Consider this scenario: You’re interviewing a man about his hobby building robots. Would you in this interview ask him a question like “What do you think is your sexiest quality?”
Stay with me, I’ll get back to that in a bit.
I just read an article titled Talking to the “queen of shitty robots,” Swedish inventor Simone Giertz, and it made me mad. I won’t link it, but it shouldn’t be hard to find if you want to increase the read count. The article is an interview with Simone Giertz, famous for building silly robots and showing them off on YouTube. The first 10 interview questions were an interesting read. I admire her ability, enthusiasm and creativity, and she’s an inspiration for other tech geeks like myself to get off our lazy bums and create things just like she does. However, that’s not what this rant is about.
The rant is about the last 4 questions in the article. In this interview focused around her building her robot empire, what inspires her and how she got there, suddenly the interviewer drops the question “What is sexier to you – someone’s looks or someone’s mind?”. And then follows it up with “How have your mind/your achievements helped you romantically? Hurt you romantically?”. And “What do you think is your sexiest quality?”. And “Would you date someone smarter than you?”.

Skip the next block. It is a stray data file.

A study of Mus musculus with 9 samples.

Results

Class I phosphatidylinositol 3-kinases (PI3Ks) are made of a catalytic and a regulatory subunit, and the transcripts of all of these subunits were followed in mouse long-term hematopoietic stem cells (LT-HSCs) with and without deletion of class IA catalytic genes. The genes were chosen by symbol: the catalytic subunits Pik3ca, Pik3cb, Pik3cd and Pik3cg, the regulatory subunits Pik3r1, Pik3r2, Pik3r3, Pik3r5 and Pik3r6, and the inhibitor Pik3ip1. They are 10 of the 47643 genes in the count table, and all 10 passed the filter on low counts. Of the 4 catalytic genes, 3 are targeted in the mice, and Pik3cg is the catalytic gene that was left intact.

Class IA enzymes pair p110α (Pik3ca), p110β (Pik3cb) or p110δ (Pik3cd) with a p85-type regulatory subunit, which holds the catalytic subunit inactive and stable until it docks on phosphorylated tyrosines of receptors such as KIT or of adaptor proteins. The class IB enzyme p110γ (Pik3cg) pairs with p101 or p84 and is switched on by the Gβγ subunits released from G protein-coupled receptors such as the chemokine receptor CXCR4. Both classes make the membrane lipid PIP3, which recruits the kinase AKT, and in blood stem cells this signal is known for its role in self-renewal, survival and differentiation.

This made me mad. Not because romance and sex should be taboo topics, but because the interviewer would never have asked a Mr. Giertz about his dating preferences in an interview on this topic.
Now, I understand that Ms. Giertz doesn’t “need my protection” or anything like that. Maybe she didn’t take issue with the questions. That’s not the point. This kind of thing happens too often - like Swedish media being more interested in female politicians’ hairstyles than policy statements - and it needs to stop.
There’s a very easy way to spot this kind of everyday sexism: ask yourself “would I ask a man this question?”. If the answer is “no”, then there’s a good chance you’re about to contribute to everyday sexism (this can also be transferred to other contexts like racial or LGBT issues, by the way). Of course it’s not a perfect test that detects sexism flawlessly with no false positives - it will always depend on context; for instance, the above questions would have been perfectly acceptable in an interview on the topic of romance. Even so, this very simple mental exercise is a surprisingly powerful tool. I think people in general, and journalists in particular, should make more use of it.
So, to sum it up: What started as an interview celebrating a brilliant creator, an inspiration to STEM people and a great role model for girls and young women; concluded portraying her more as an object of desire. This is not acceptable. As a society, we need to do better.